October 2, 2014
There is a fair amount of debate and confusion around tokenization standards such as EMVCo, TCH and others.
Even EMVCo can't be described accurately by the large PDF file that the body has published (click here to download). Having said that, Apple worked closely with the EMVCo group (the payment networks) and its implementation is very close to EMVCo specs in terms of static time based tokens, token formatting, lifecycle management, PAN ownership etc. According to an infographic by Doug Yeager (Co-Founder, SimplyTapp) this is how Apple Pay tokenization works:
EMVCo is the set of standards that tries to facilitate worldwide interoperability and acceptance of secure payment transactions. It has tried to accomplish this by managing and evolving the EMV1 Specifications and related testing processes. This includes, but is not limited to, card and terminal evaluation, security evaluation, and management of interoperability issues. They have come up with EMV Specifications based on contact chip, contactless chip, common payment application (CPA), card personalization, and tokenization.
The entire show is managed under the supervision of EMVCo’s six member organizations american express
The tokenization specifications in EMVco outline the minimum requirements for the creation and use of Payment Tokens. While this specification does not address non-Payment Tokens, it does not preclude their use either. Apple Pay seems to have build on that.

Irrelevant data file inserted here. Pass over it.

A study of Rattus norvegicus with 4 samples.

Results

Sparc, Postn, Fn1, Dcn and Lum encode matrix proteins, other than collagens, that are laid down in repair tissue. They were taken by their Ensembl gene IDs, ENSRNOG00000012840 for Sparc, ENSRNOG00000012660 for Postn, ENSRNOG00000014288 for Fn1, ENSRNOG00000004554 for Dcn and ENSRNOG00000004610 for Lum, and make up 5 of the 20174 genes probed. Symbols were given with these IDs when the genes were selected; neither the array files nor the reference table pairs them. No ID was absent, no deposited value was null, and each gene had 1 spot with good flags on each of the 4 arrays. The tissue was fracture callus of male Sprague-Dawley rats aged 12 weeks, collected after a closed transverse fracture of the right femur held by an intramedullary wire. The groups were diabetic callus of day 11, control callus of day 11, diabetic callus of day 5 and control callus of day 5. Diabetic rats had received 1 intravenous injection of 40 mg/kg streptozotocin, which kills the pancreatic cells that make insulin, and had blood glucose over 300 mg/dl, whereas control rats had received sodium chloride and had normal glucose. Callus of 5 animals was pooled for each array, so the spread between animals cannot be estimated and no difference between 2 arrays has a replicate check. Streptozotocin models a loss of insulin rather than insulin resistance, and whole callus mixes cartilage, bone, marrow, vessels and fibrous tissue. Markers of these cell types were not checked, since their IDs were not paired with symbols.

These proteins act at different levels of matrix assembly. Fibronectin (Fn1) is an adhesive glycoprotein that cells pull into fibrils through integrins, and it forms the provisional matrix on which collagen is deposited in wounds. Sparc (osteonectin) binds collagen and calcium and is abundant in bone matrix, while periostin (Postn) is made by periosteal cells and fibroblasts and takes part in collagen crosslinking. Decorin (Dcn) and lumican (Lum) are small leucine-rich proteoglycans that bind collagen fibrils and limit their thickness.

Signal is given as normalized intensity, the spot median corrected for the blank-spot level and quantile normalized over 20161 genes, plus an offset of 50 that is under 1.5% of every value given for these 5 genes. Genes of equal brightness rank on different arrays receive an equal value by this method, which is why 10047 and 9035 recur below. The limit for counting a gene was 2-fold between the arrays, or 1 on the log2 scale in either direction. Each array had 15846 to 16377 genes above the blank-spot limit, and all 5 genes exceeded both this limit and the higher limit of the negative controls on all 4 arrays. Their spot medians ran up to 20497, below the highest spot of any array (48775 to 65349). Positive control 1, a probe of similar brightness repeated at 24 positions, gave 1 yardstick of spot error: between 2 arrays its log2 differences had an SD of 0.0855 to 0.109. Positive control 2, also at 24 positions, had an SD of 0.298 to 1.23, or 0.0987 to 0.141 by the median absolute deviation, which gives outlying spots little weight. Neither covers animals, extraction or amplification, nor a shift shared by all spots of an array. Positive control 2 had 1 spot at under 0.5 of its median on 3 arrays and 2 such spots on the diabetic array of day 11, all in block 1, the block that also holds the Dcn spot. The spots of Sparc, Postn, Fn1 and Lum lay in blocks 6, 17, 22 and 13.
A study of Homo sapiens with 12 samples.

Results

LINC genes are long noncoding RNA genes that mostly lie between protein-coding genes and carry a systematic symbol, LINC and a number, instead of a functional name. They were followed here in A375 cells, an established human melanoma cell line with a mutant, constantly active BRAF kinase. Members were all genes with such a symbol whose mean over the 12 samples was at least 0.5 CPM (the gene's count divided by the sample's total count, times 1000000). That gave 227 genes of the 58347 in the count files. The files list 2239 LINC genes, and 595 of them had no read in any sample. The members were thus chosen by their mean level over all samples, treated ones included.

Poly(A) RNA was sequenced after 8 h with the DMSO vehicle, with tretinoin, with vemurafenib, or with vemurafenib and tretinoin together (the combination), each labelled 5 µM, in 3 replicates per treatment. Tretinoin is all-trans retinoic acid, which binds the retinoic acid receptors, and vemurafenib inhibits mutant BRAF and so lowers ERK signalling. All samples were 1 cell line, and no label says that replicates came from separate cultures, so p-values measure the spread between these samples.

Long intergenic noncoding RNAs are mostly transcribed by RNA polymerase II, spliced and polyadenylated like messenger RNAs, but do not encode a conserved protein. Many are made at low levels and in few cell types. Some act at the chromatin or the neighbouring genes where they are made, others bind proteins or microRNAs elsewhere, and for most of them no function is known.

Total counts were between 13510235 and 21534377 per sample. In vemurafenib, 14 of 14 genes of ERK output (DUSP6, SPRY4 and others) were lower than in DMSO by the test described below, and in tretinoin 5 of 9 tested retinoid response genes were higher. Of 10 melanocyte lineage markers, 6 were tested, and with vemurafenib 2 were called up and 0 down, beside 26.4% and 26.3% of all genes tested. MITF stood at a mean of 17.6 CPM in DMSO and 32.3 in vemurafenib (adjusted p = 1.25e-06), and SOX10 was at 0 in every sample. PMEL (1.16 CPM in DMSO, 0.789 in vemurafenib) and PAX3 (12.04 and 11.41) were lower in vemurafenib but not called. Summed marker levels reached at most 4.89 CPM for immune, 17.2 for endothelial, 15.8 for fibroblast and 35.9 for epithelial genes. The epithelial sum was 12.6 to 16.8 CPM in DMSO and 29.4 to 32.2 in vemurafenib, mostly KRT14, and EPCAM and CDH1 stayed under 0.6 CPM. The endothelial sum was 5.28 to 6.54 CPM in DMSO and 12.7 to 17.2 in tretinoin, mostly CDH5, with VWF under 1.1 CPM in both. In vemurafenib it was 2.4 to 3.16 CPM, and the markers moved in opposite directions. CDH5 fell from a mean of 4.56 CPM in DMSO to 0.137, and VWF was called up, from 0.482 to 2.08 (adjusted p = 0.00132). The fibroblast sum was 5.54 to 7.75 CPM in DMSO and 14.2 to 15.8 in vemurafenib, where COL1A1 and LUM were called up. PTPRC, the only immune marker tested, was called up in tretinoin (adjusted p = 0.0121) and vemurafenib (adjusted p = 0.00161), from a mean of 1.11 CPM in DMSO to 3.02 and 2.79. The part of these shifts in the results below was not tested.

According to the definitions, *Payment Tokens may be used with all Cardholder Verification Methods (CVMs), including signature, online and offline PIN, and no CVM. If an online PIN is used with a Payment Token, in accordance to ISO 9564-1 PIN Block Format 0 or Format 3, the PIN Block would include the Payment Token in lieu of the PAN. The Token Service Provider is responsible for ensuring that the Card Issuer receives the PIN Block with the PAN or Payment Token, as appropriate, for validation.
*Source: EMVCo website.
The Clearing House (TCH) developed the Secure Token Exchange (STE) tokenization specification in 2012, which was called Secure Cloud at that time. TCH is said to have put a lot of effort to come up with this standard: It evaluated differences between the STE and EMVCo specs and identified key disparities in token formatting, lifecycle management, PAN ownership and the use of static versus dynamic tokens. TCH defined and developed a set of messages to support token formatting, which EMVCo does not include. TCH also has a lifecycle management process to handle a stolen payment card or mobile phone, including identification of messages that need to be exchanged to cancel the tokens and ensure the customer experience is not negatively impacted.
Both EMVCo and TCH are working on bringing changes for overall standardization in the industry. That initiative is still work in progress as of now, but Apple Pay can be loosely called EMVCo compliant.
Another important group trying to bring clarity on tokenization is the The Mobile Payments Industry Workgroup (MPIW), convened by the Federal Reserve Banks of Boston and Atlanta that said With the recent introductions of new platforms that use tokenization technologies including ApplePay, we are even more convinced of the need to evaluate the optimal approach to tokenization and determine how the payments industry can better coordinate efforts to protect consumers and businesses alike. We wrote about it on Sep 24 Mobile Payments Industry Workgroup seeks Opportunities & Challenges in Tokenization Landscape in the U.S
We wrote a lot about tokenization in 2013 highlighting its importance.